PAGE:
Healthy collaborations in health care
The health care industry is changing. Health insurers, municipalities, and health care providers collectively bear responsibility for making sure that health care is accessible, affordable, and of high quality. Health care providers and health insurers often enter into collaborations. Collaborations can sometimes benefit consumers, but sometimes they do not.
The role of ACM
The Netherlands Authority for Consumers and Markets (ACM) wishes to offer room for collaborations in the health care market that offer benefits to consumers (both as patients and insured), for example, if they improve health care affordability or the quality of treatments. However, some forms of cooperation lead to market behaviour that does not benefit consumers such as price-fixing agreements or unnecessarily restricting the options of consumers when selecting a health care provider.
Responses to this theme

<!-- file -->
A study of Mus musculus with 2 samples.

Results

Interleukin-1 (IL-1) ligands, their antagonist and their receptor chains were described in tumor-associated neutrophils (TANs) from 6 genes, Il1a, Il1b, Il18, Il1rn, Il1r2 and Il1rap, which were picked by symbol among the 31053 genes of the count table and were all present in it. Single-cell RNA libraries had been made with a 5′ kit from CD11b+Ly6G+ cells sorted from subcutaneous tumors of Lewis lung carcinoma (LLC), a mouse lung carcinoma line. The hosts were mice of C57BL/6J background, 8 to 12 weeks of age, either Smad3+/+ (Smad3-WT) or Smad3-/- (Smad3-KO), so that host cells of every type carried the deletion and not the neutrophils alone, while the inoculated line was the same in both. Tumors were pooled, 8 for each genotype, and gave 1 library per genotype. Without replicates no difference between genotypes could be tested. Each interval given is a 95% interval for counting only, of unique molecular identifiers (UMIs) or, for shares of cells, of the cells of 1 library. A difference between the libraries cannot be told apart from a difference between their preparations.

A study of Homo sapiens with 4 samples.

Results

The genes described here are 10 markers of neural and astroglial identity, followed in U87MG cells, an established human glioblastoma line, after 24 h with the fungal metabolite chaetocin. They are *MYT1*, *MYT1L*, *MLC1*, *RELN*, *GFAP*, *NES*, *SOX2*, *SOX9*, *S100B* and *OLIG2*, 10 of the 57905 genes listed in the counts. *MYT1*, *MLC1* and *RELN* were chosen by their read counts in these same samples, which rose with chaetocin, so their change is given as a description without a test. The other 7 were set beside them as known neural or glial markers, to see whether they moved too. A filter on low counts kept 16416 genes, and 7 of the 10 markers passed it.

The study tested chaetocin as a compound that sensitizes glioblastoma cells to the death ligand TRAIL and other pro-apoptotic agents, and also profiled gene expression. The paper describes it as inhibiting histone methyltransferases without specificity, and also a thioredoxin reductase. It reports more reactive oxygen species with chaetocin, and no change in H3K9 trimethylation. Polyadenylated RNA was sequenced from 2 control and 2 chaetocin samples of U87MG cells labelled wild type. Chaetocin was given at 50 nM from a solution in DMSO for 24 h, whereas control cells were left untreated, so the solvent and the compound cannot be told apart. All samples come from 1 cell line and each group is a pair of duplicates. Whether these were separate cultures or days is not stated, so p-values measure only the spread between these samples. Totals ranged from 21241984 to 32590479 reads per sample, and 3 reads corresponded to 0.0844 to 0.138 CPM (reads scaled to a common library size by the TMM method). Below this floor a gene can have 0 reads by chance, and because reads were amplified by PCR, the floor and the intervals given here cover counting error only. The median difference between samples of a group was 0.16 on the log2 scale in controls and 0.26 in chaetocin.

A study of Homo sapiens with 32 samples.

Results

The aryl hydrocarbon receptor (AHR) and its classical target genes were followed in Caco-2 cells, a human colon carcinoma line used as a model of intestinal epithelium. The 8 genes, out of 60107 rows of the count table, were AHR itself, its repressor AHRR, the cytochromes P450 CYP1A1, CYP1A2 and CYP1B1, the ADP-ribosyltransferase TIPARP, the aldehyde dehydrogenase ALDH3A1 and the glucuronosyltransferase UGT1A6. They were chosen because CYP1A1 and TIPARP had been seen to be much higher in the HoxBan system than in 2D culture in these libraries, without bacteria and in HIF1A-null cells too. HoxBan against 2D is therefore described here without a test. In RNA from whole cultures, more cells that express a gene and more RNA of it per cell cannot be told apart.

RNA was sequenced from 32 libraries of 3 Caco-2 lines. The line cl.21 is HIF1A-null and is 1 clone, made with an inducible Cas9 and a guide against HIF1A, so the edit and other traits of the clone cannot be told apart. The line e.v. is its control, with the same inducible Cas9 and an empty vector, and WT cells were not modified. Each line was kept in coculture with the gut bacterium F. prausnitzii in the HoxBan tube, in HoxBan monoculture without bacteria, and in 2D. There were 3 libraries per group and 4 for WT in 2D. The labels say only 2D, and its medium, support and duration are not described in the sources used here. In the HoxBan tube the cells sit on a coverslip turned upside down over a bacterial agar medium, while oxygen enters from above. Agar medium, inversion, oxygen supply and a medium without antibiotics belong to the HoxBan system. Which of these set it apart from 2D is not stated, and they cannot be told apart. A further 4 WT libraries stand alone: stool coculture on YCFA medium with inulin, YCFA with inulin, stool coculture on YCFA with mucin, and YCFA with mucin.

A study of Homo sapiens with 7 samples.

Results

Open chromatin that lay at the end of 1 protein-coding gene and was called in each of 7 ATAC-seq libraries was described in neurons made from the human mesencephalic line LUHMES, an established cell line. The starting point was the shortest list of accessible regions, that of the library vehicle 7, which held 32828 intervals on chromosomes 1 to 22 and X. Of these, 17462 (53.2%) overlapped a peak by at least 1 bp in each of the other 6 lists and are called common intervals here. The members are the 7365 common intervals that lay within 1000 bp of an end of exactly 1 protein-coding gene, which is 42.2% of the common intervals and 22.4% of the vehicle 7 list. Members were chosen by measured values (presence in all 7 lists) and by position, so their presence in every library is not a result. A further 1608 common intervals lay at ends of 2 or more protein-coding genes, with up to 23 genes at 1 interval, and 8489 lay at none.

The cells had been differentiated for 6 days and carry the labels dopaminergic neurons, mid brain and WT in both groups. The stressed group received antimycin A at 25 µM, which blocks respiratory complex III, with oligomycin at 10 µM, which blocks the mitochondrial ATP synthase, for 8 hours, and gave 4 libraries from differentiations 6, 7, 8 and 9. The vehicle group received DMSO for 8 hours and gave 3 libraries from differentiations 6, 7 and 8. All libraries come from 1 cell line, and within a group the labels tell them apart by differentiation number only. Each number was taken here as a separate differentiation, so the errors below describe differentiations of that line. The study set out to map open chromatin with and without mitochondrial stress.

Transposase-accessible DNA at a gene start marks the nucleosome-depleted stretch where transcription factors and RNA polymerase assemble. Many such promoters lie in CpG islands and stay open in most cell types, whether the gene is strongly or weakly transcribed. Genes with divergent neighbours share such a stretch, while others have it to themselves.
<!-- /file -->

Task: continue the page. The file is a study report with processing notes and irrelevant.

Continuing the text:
In a roundtable meeting, ACM sat down with representatives of health care providers to discuss collaborations in health care, and the associated practical problems that occur. According to several participants, the relationship between health insurers and providers is a cause for concern. Health insurers wish to keep prices low. That puts pressure on the quality of health care. Furthermore, several participants observe huge differences between municipalities when it comes to health care procurement. As a result of the occasionally low prices, some health care providers run into problems.
On the dedicated website for the online discussion (denkmee.acm.nl), three provocative statements were published about this theme: about cooperation between hospitals and health insurers, about ACM’s oversight of the primary care market, and finally, about procurement of long-term health care by municipalities. The first statement generated five responses. The main point of these responses is that health insurers still have a dominant (too dominant?) position in the negotiations.
By publishing market studies, best practices, and frameworks over the next two years, ACM will make clear what healthy cooperation entails. For example, we are conducting a market study into competition between health insurers, and we are carrying out a study into the negotiation process between health insurers and health care providers. We are also working on a vision document about collective procurement of expensive drugs by hospitals. We will continue to engage with the health care industry in order to promote collaborations in the interests of consumers.